Immanion Press, 216pp, l/f p/back, Â£12.99
Reviewed by R A Bardy [@mangozoid]
In his own words (and an extended Appendix herein subtitled The Tarot of Sword-&-Sorcery) Philip Emery says The Shadow Cycles is his attempt at a redefinition of form for sword-&-sorcery [sic] in the twenty-first century, and as part of that process he has attempted to formulate and deploy a ‘new’ tarot, trying to focus on the form’s beginnings and also, potential. He spends a fair bit of time ‘dissecting’ Robert E. Howard’sÂ works, in particular the Conan tales, with a slightÂ Â nod to Tolkien’s ‘High Fantasy’ in LotR and concludes that a good combination of violence and the supernatural is potentially the ‘new’ sword-&-sorcery.
For my part, I’m really sorry, but I found a lot of it just jibber-jabber – and as if to top it off this story is so far from the worlds of either Howard or Tolkien that I think the author does a huge disservice to both, and himself.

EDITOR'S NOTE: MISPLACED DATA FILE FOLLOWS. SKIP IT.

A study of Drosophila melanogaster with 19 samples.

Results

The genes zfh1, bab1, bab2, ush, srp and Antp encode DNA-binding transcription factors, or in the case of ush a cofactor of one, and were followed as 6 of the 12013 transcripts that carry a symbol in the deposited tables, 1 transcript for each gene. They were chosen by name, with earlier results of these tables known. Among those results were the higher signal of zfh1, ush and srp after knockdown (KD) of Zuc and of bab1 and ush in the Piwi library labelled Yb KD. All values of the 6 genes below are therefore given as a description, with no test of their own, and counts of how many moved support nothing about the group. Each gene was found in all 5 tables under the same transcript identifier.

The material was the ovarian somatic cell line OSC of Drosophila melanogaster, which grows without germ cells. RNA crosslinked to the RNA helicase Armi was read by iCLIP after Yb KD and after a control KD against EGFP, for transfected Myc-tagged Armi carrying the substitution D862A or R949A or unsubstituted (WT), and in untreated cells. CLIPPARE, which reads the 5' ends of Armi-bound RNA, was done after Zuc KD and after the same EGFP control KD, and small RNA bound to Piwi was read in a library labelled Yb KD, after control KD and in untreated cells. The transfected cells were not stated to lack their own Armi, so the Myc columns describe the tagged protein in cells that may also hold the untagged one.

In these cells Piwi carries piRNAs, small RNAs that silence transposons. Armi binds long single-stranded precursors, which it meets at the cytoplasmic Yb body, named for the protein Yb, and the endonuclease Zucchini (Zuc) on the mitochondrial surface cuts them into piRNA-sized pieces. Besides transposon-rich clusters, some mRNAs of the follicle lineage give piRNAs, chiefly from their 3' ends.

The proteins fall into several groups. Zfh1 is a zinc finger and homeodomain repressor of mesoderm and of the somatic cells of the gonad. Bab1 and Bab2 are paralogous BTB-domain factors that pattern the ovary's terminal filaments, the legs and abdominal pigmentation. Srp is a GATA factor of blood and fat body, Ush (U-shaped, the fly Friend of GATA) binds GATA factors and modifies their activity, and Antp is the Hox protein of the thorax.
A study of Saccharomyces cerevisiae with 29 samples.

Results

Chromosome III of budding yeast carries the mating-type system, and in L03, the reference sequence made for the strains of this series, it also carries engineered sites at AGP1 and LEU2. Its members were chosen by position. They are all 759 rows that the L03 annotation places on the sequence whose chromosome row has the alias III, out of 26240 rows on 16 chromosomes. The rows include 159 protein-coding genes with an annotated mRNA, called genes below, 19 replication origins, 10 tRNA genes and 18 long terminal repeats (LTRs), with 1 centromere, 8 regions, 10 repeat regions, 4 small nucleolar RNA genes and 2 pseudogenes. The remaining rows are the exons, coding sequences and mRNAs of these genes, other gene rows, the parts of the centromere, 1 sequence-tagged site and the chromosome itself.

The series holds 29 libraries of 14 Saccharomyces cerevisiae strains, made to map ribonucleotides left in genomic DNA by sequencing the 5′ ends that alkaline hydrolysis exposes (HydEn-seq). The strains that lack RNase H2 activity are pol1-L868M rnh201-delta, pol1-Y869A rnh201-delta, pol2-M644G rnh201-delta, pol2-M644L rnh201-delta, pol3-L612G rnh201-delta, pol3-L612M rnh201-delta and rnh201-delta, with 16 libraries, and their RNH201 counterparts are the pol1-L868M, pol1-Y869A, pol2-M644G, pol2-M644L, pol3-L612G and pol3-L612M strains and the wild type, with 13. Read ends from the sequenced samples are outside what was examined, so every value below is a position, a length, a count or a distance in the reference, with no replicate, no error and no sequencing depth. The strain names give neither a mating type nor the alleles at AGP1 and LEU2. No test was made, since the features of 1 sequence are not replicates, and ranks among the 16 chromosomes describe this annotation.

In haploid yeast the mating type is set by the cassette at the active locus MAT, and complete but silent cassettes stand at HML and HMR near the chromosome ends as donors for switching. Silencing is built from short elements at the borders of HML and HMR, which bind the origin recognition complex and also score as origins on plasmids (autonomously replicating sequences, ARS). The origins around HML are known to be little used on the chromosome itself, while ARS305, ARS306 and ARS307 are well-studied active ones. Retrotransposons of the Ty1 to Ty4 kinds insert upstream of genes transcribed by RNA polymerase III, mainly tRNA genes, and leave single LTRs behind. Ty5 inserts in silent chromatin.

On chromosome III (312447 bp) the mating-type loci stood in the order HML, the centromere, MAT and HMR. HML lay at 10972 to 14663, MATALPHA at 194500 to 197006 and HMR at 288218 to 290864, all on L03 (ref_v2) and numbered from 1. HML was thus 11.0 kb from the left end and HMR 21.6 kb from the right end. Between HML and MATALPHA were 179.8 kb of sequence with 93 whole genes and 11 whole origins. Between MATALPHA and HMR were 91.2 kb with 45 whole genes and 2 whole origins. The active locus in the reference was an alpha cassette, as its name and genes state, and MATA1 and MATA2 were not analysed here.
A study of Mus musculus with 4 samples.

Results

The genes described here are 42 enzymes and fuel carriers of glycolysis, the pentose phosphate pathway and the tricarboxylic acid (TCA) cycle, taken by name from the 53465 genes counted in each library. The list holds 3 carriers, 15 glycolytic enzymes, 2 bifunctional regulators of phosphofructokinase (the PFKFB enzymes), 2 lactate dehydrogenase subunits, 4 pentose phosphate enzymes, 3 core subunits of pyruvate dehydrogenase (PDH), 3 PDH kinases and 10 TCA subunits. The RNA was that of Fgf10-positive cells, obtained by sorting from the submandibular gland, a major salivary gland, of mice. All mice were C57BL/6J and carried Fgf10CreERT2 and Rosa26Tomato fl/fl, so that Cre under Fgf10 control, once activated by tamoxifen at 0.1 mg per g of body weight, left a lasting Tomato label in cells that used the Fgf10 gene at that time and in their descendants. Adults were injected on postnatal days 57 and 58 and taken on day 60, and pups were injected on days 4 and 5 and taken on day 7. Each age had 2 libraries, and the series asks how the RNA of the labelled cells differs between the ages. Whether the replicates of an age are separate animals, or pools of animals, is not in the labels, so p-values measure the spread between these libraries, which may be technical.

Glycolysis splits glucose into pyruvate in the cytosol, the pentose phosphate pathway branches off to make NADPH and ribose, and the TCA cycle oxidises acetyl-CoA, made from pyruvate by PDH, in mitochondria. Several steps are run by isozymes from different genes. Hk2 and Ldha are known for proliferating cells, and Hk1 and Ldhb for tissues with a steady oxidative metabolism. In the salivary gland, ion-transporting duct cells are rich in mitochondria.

In brief, The Shadow Cycles tells the story of five characters from different realms brought together to partake in a final apocalyptic battle against a ‘dragon’ of sorts, fought through a series of stages and it is sooo boring… really, truly, genuinely boring… The entire book feels like a first draft and in desperate need of some tighter editing in so many places. I would consider myself relatively well-read, but never in my life have I had to reach for a dictionary so many times during a single book. Words like quinquereme, tatterdemalion, porphyry, chalcedony, lazuli, sardonyx, dolerite, agate and the slightly less obscure ‘tegular’ are liberally sprinkled throughout, like some kind of stone/quartz lexicon gone mad. Every one jars considerably leading to an ultimately uncomfortable and irritating read from start to finish. Very very annoying, and impossible to recommend. Sorry.